The eye-opening moment came when I realized nobody in the room could identify nine of the dozen fruits and vegetables I’d spread across the counter.

Chopping in industrial kitchen

We’re not talking rare, exotic foods. We’re talking kiwi, parsnip, pomegranate, celery root and other items you can find at most any grocery store.

Then, there are the staggering number of families that talk about grabbing fast food far more often than preparing a meal at home. One family explained they ate from the dollar menu at a fast food restaurant 11 times per week, mainly because that was the only option they felt like they could afford with their limited budget.

Cooking Matters

That’s why thousands of chefs, like me, and others across the country serve as volunteer instructors for Cooking Matters. The six-week program – created by Share Our Strength and supported by organizations like the Walmart Foundation – teaches participants to shop smarter, make healthier choices and cook delicious, affordable meals. An integral part of the No Kid Hungry campaign, Cooking Matters has helped more than 350,000 low-income families since 1993.

I graduated from cooking school at 19. I’ve worked everywhere from 300-seat steakhouses and catering companies to leading prepared food services for Foodie’s Urban Markets in the Boston metropolitan area. I can remember growing up cooking with my mom. We weren’t preparing elaborate, gourmet meals, but it's what sparked my love for cooking. So nothing compares to the feeling I get when I see that light go on for families through Cooking Matters.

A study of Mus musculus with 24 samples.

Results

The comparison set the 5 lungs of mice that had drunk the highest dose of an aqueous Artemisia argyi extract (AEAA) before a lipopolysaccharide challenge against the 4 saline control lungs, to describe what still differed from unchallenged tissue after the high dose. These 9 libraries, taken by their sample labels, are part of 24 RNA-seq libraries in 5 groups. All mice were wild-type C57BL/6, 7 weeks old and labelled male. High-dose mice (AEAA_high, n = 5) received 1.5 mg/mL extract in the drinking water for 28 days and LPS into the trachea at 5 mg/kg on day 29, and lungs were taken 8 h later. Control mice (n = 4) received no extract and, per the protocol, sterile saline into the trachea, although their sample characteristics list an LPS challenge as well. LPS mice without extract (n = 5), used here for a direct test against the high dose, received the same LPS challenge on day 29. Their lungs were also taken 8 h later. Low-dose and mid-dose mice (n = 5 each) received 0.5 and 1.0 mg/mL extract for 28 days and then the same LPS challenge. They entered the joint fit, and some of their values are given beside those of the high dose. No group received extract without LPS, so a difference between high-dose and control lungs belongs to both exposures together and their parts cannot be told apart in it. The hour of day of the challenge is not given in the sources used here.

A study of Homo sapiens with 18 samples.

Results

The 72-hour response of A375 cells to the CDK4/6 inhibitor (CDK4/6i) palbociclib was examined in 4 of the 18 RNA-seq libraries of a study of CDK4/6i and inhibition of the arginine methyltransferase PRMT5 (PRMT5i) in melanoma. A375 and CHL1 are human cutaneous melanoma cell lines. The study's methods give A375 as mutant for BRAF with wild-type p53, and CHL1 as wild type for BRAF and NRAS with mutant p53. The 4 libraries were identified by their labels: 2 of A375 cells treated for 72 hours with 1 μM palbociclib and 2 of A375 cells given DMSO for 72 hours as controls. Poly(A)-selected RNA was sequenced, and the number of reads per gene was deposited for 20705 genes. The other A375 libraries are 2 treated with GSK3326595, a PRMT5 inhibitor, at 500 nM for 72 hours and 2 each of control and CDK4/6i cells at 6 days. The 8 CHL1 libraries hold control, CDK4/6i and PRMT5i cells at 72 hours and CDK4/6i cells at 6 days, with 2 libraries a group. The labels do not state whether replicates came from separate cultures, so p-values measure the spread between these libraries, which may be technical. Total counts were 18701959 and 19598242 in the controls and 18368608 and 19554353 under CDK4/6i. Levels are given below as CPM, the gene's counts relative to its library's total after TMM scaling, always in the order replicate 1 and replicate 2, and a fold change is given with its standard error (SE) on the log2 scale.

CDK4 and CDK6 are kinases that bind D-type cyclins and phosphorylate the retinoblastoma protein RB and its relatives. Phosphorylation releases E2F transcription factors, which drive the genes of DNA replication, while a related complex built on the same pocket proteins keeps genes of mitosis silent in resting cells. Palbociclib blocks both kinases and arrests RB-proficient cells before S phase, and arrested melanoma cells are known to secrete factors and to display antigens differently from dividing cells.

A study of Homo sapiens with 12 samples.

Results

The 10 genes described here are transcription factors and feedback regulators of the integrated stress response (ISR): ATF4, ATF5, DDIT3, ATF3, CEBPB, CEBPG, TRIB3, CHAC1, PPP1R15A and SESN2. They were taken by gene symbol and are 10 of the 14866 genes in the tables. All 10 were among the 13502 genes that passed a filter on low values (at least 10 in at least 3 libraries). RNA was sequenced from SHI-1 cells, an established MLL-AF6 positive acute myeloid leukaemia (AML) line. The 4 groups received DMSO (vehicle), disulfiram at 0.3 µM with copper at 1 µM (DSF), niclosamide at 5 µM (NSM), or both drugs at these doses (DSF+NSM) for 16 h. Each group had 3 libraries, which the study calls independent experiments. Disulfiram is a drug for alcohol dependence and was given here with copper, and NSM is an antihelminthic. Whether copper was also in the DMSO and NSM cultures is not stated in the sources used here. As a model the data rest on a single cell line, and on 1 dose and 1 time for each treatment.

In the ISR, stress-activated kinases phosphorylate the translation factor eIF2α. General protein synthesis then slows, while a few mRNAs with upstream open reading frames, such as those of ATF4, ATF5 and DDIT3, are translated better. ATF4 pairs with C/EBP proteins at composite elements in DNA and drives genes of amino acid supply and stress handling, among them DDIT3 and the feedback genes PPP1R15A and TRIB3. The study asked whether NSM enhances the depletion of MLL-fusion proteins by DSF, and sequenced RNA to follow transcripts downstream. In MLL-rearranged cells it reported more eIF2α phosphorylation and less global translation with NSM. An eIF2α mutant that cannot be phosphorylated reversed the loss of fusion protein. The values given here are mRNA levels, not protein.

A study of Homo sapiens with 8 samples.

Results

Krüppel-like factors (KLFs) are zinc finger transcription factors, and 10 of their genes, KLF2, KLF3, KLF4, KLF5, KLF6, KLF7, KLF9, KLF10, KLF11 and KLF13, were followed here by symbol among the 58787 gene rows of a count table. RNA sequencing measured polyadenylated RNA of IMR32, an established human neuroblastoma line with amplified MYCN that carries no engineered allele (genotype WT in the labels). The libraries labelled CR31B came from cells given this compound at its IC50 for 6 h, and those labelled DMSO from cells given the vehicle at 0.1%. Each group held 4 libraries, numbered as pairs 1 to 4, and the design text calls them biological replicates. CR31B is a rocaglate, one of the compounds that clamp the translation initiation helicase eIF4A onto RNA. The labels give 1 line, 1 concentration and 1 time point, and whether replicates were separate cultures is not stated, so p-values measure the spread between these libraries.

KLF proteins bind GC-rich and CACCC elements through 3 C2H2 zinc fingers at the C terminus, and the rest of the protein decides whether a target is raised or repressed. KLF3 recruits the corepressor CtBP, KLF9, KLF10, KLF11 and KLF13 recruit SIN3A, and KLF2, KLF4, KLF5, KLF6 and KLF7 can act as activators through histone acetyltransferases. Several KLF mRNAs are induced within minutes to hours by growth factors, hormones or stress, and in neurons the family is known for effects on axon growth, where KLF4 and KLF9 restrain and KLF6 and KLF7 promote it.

The amenities I have to work with vary from class to class. I’ve been in church kitchens, YMCAs, school cafeterias, Boys & Girls Clubs, even a health center in downtown Boston. And the participants range from moms, dads and grandparents to kids, teens and caregivers. What I’ve learned is that a lot of people – regardless of age – don't realize things can be tasty, healthy and affordable at the same time. By taking the time to show them the basics, it can have a profound and lasting impact on their lives.

Women stirring food in industrial kitchen

While the participants continue to gain confidence, having the opportunity to work with them also gives me a great sense of satisfaction. It has opened my eyes to the real challenges people face every day. Single parents trying to work and support their children. So many people wonder where their next meal will come from. Not everyone has had the luxury of growing up cooking alongside mom or dad, so they need someone to help.

We talk a lot about working more whole grain items into our diets and the benefits of brown rice over white rice. We get very hands on, learning how to make a healthier macaroni and cheese, turning popular traditional dishes into great salads, and creative ways to make the most of leftovers. And it’s amazing when we walk into a grocery store and challenge participants to round up everything they need to prepare a great family dinner – using only a $10 gift card. When they realize it really can be done, it’s a transforming moment.

I’ve always had a passion for creating with food. Through Cooking Matters, I’m able to use that passion to help people live healthier lives.